Monday, April 11, 2016

Royal Mothers

Genealogies seem so boring that I often skip them altogether when reading through an Old Testament book. Today I want to provide you with a good reason to pause at the introduction of each King of Israel and Judah. There is an intriguing pattern in the way most OT kings are introduced. After their name and heritage is given, their mother's name is also provided. Immediately after her mention comes the verdict whether this king was good or evil in the sight of the Lord. I believe this is no coincidence but rather the summation of the mother's influence on her son's life.
"Amaziah...began to reign. His mother's name was Jeoaddin of Jerusalem. And he did what was right in the eyes of the Lord." (2.Kings 14:1-3)
For other good kings and their mothers, see Jehosaphat (1.Kings 22:42+43), Azariah (2.Kings 15:1-3) Pekah (2.Kings 15:32-34), Hezekiah (2.Kings 18:1-3), and Josiah (2.Kings 22:1+2).

Jehoiachin... became king. His mother's name was Nehushta. And he did what was evil in the sight of the Lord." (2.Kings 24:8-9)
For other evil kings and their mothers, see Abijam (1.Kings 15:1-3), Manasseh (2.Kings 21:1-2), Amon (2.Kings 21:19-20), Jehoahaz (2.Kings 23:31-32), Jehoiakim (2.Kings 23:36-37), and Zedekiah (2.Kings 24:18-19).

It seems clear that the way these mothers raised their sons had a direct impact on the kind of king these boys turned out to be. If you are ever in doubt about your role of training your child up in godliness, turn to 1. and 2. Kings. These genealogies serve as an encouragement and exhortation to us mothers. Of course there are exceptions as seen in 1.Kings 15:9-13 where the good king Asa had an idol-worshiping mom. Generally speaking, though, it is obvious that we as mothers have a great impact on the spiritual inclinations of our children.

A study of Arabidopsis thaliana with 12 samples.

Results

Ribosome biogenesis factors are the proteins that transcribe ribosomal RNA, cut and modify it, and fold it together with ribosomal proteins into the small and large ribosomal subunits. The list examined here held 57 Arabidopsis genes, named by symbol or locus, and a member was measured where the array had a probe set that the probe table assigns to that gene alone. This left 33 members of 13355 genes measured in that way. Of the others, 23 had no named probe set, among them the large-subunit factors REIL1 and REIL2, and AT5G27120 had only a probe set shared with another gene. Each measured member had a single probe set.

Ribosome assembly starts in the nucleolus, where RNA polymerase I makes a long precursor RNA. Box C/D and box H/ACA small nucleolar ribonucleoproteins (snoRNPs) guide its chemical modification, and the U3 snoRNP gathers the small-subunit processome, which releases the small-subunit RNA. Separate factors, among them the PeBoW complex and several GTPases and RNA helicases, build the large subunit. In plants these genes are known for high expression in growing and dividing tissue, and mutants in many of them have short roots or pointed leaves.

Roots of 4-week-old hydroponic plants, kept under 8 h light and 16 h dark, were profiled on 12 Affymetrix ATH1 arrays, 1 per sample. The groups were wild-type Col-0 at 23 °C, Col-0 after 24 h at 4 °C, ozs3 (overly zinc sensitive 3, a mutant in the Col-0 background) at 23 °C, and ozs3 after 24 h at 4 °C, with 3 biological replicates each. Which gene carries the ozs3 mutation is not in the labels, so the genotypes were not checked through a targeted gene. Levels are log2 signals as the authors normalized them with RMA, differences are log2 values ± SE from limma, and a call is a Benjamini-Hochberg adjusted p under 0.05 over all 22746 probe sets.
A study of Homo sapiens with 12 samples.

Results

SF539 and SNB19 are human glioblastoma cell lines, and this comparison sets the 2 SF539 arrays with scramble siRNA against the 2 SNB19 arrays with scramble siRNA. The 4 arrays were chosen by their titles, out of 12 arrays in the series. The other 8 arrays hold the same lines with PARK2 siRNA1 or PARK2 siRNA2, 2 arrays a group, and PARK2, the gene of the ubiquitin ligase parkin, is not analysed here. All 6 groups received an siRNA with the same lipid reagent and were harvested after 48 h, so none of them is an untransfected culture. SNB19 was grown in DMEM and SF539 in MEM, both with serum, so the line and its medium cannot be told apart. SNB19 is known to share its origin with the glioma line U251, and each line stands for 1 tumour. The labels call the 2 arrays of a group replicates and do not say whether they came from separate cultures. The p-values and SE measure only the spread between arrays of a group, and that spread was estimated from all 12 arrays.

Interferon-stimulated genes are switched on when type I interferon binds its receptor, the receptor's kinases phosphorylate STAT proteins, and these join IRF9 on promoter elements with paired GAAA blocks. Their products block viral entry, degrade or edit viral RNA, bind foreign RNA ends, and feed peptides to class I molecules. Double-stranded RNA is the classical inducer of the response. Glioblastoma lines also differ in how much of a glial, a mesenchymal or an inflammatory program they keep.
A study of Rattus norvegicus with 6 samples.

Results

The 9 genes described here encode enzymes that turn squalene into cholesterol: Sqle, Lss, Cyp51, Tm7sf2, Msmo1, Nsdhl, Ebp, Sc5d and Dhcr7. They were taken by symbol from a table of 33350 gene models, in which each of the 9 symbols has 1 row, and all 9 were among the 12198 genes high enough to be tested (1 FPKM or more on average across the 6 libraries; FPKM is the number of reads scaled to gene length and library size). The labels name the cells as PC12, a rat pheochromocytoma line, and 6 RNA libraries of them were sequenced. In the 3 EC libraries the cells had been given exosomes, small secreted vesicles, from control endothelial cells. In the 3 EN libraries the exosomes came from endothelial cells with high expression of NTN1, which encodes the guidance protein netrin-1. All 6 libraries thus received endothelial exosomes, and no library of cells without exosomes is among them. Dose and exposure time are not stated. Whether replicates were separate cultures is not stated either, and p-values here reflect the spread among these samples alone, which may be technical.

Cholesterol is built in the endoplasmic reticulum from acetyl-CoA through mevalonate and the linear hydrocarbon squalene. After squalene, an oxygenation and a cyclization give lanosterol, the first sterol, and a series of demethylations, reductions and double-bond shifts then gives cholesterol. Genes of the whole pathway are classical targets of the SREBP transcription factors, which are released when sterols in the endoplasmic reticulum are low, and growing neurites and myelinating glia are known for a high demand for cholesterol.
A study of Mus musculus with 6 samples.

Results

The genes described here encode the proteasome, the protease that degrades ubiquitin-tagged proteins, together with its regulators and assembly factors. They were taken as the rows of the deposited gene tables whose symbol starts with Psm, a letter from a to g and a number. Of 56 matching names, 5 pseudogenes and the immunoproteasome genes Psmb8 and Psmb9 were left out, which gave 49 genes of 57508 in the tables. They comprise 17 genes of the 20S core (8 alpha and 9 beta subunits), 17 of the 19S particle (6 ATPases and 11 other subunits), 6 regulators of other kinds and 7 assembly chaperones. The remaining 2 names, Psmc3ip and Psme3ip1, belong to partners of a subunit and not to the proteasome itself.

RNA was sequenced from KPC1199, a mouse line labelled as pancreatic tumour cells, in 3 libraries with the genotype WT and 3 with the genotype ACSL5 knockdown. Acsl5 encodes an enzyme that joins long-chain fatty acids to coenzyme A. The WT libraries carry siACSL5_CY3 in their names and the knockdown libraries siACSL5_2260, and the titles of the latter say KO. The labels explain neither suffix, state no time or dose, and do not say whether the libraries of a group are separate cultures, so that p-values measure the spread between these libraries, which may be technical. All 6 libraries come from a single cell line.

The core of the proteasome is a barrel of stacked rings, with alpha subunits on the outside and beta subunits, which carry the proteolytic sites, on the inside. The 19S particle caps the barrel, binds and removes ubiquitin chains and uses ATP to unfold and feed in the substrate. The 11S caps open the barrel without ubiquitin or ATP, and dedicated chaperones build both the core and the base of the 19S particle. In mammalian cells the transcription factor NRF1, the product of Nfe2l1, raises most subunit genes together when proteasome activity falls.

This is not written to discredit the role of the father, but to encourage mothers and grandmothers to do all they can to raise godly offspring. Ideally this should be a team effort, but even if you find yourself in a situation where the father is not present or shows little spiritual interest, it is your calling, mother, to teach your child God's ways, "talking of them when you sit in your house, and when you walk by the way, and when you lie down, and when you rise." (Deut. 6:7)

It is easy to become overwhelmed by the responsibility we bear. One simple way to weave spiritual instruction into our days is to have family devotions. Getting started is often the biggest hurdle, so I would like to give you three pointers:

1. Choose a time that suits everyone.
In order to make it a habit, it is good to set a regular time for family devotions. When to get together depends on your preference and practicality. When our kids were younger we used to have family devotions at night before tucking the kids in bed. Today our kids have differing bedtimes according to their ages, which makes it more practical to have devotions right after supper, when everyone is still gathered around the table.

2. Choose a devotional.
Of course you can read straight our of you regular Bible and explain the passage to your children, but there are also some great materials out there for kids. To narrow down the choices to a manageable amount I would like to give you a list of our family favorites.
Preschool Age:
- Pray and Play Bible I & II, Group Publishing Inc. (14 chapters each)
- ABC Bible Verses, by Susan Hunt (26 chapters)
Lower Primary:
- Big Truths for Little Kids, teaching your children to live for God, by Susan and Richie Hunt (36 chapters)
- The Jesus Storybook Bible, by Sally Lloyd-Jones (44 chapters)
- Discovering Jesus in Genesis, by Susan Hunt and Richie Hunt (36 chapters)
- Discovering Jesus in Exodus, by Susan and Richie Hunt (36 chapters)
- Sammy and His Shepherd, seeing Jesus in Psalm 23, by Susan Hunt (11 chapters)
- Wisdom and the Millers, Proverbs for children, by Mildred Martin (25 chapters)
- School Days with the Millers, by Mildred Martin (24 chapters
- Story-time with the Millers, by Mildred Martin (12 chapters)

3. Keep it simple.
- Read the devotional or Bible passage.
- Give the kids the opportunity to ask questions or comment. The devotionals by Susan Hunt provide the parent with discussion questions.
- Talk about prayer requests.
- Pray, giving each family member the freedom to join in.
- We end our time by praying the Lord's Prayer, together.

May we be like the royal mothers, whose sons did what was right in the eyes of the Lord.